The more then two-year rift between gay Republican groups and the American Conservatives Union, which organizes the annual Conservative Political Action Conference, isn’t over yet.
Today, one of those groups, GOProud, touted a new day it its relationship with CPAC, suggesting that this year, their attendance at the conference is a step forward after being barred from sponsoring the event by CPAC organizers in previous years.
The news, first reported in the National Journal, suggested a reversal on CPAC’s part.
But in reality, CPAC hasn’t changed its mind about whether GOProud can be an official sponsor of the event like other conservative groups.
GOProud members can attend as guests this year, as they have in previous years, but they still won’t be a sponsor like they were 2010 and 2011, nor will they be a vendor or have a booth.
“We’re participating at the level this year that we want to participate in. We didn’t ask to have a booth or be on a panel. We didn’t ask to be a sponsor,” Ross Hemminger, who took over GOProud last summer, told ABC News. “We wanted to take it slow. We wanted to focus on rebuilding a relationship with the folks that we didn’t have a relationship with previously.”
But others saw it as at best, a half measure, specifically one member of GOProud’s founding leadership.
Chris Barron said plainly, “nothing has changed.”
“Individual GOProud members are attending, which is exactly what the terms of the CPAC ban were before,” Barron said in an email. “I am frankly embarrassed that GOProud’s current leadership would try to pawn this off as some new compromise or step forward.”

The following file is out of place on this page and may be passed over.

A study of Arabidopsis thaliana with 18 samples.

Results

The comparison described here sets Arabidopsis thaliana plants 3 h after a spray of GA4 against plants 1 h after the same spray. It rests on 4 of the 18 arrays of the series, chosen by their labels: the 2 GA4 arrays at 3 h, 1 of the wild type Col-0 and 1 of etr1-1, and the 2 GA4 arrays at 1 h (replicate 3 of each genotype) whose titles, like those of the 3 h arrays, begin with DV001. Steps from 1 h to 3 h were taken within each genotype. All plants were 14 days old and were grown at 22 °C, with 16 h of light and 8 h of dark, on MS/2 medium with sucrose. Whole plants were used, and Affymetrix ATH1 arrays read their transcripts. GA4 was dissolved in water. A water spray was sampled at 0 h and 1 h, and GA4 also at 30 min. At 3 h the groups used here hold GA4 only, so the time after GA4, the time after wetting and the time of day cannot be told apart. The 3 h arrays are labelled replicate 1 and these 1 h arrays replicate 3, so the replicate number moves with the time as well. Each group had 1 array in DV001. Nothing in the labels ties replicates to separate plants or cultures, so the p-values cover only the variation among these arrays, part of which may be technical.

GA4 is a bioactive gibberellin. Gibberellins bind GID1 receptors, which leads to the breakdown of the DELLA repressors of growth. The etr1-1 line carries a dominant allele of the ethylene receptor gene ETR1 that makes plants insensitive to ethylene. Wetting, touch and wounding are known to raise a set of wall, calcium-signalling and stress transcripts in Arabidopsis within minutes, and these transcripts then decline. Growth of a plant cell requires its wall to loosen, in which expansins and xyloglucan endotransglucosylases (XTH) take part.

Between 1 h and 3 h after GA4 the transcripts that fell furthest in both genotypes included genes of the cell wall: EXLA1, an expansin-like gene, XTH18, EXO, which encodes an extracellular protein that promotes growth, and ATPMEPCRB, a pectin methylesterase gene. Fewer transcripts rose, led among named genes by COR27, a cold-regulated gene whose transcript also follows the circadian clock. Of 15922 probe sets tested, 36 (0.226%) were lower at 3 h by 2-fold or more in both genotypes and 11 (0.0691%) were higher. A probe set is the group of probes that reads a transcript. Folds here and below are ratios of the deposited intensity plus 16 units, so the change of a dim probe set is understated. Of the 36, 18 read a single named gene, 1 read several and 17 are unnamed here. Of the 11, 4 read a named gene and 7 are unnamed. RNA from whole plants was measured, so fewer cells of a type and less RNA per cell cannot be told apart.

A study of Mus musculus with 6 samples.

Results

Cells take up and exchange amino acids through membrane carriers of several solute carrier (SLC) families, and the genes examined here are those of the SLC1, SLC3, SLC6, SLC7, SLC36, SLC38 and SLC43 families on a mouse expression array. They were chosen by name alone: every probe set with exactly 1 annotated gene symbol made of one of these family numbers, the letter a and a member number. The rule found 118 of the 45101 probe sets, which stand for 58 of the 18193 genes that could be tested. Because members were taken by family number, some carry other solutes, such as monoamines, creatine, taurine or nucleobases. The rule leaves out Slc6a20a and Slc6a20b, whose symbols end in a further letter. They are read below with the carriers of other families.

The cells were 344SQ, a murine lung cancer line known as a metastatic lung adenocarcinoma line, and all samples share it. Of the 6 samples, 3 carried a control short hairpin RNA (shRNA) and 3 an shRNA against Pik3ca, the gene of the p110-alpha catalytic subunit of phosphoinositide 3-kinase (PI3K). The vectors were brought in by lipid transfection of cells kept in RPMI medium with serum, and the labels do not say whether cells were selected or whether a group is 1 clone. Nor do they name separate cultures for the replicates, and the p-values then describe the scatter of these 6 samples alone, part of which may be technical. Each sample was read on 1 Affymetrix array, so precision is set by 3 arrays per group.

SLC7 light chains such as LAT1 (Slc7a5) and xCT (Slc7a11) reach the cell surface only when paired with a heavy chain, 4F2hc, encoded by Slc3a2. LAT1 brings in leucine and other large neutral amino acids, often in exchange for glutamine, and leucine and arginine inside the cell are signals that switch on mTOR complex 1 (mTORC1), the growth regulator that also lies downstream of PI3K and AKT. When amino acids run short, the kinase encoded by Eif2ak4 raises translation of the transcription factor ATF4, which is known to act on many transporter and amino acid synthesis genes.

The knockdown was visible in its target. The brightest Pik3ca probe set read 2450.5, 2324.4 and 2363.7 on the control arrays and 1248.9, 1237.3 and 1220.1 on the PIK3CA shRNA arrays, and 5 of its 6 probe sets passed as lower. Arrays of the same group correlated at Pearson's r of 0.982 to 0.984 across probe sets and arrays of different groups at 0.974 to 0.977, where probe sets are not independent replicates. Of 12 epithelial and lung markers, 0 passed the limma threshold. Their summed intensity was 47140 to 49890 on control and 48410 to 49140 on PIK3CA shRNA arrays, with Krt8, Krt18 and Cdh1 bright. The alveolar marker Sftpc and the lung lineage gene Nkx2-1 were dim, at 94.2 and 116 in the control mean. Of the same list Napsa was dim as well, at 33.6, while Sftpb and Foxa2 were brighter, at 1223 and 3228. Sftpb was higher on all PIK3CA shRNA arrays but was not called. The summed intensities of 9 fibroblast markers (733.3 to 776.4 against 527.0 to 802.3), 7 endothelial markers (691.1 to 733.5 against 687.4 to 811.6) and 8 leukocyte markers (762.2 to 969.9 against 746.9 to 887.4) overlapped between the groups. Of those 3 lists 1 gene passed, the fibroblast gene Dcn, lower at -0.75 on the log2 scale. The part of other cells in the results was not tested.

Barron later announced on Twitter that he was “deeply disappointed” with GOProud’s leadership and would resign from the group’s board.
Gregory T. Angelo, the executive director of Log Cabin Republicans confirmed to ABC News that his group is also not going to be a sponsor this year either, but like last year, they will attend.
He added that Log Cabin, the largest and oldest group of gay conservatives, are in talks with CPAC organizers about their role in this year’s conference, but he has no breakthroughs to announce so far.
“At this point stay tuned,” Angelo told ABC News. “I’m not Pollyanna, but discussion that I’ve had with some individuals thus far have been encouraging.”
Mending the messy rift between the groups was praised by some Republicans.
It’s about time. CPAC to allow participation by gay GOP group. http://t.co/3O3cYrwq09
— Ari Fleischer (@AriFleischer) February 19, 2014
And CPAC is clearly signalling an effort to bring gay Republicans back into the tent this year– a step toward a detente in a longstanding disagreement that has sometimes featured harsh words between the two sides.
“We had a constructive meeting with GOProud’s leadership last week,” said Dan Schneider, Executive Director of ACU. “The directors have a new vision for promoting a broad array of conservative priorities; from sound fiscal policies to strong 2nd amendment rights to pro-life policies.”
“We welcome GOProud’s attendance at this year’s CPAC conference. I believe their presence could help establish a productive relationship in the future,” he added.